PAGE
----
There are different imaging techniques that can be used to study the brain. A method called MRI reveals the brain’s structure and the different types of tissue present, like white and grey matter. Functional MRIs (fMRIs for short) measure activity across different brain regions, while electrophysiology records electrical signals sent between neurons. Distinct features measured by all three techniques – MRI, fMRI and electrophysiology – have been associated with aging. For example, differences between younger and older people have been observed in the proportion of grey to white matter, the communication between certain brain regions, and the intensity of neural activity.
MRIs, with their anatomical detail, remain the go-to for predicting the biological age of the brain. Patterns of neuronal activity captured by electrophysiology also provide information about how well the brain is working. However, it remains unclear how electrophysiology could be combined with other brain imaging methods, like MRI and fMRI. Can data from these three techniques be combined to better predict brain age?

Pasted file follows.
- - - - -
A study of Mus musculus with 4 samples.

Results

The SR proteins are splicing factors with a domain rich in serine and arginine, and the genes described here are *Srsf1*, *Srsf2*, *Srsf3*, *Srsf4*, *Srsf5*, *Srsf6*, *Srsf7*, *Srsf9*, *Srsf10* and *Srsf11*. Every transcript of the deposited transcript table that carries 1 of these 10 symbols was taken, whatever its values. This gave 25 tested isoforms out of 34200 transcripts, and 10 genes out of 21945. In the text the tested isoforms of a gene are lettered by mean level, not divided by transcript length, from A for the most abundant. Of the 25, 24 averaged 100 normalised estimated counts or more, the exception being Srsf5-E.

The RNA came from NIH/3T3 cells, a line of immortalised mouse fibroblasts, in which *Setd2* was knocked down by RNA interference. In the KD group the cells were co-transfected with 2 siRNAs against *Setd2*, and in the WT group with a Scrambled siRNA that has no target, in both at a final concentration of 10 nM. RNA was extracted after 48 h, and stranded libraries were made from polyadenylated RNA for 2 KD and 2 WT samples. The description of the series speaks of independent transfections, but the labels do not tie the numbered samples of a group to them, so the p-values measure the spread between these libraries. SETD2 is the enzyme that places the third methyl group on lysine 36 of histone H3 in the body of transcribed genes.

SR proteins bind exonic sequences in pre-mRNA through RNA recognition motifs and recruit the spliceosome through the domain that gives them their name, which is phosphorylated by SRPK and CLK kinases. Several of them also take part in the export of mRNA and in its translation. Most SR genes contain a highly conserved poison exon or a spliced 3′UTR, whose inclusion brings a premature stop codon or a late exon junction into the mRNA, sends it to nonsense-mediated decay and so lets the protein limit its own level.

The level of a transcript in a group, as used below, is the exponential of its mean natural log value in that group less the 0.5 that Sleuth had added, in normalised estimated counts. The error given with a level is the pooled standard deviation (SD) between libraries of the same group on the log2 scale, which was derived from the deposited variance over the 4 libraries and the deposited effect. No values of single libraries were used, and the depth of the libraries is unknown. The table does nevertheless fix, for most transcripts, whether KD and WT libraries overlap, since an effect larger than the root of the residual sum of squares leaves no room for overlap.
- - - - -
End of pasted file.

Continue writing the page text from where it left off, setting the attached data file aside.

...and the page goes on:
Engemann et al. designed a computer algorithm stacking electrophysiology data on top of MRI and fMRI imaging to assess the benefit of this three-pronged approach compared to using MRI alone. Brain scans from healthy people between 17 and 90 years old were used to build the computer model. The experiments showed that combining all three methods predicted brain age better. The predictions also correlated with the cognitive fitness of individuals. People whose brains were predicted to be older than their years tended to complain about the quality of their sleep and scored worse on memory and speed-thinking tasks.
Crucially, Engemann et al. tested how the algorithm would hold up if some data were missing. This can happen in clinical practice where some tests are required but not others. Positively, prediction was maintained even with incomplete data, meaning this could be a useful clinical tool for characterizing the brain.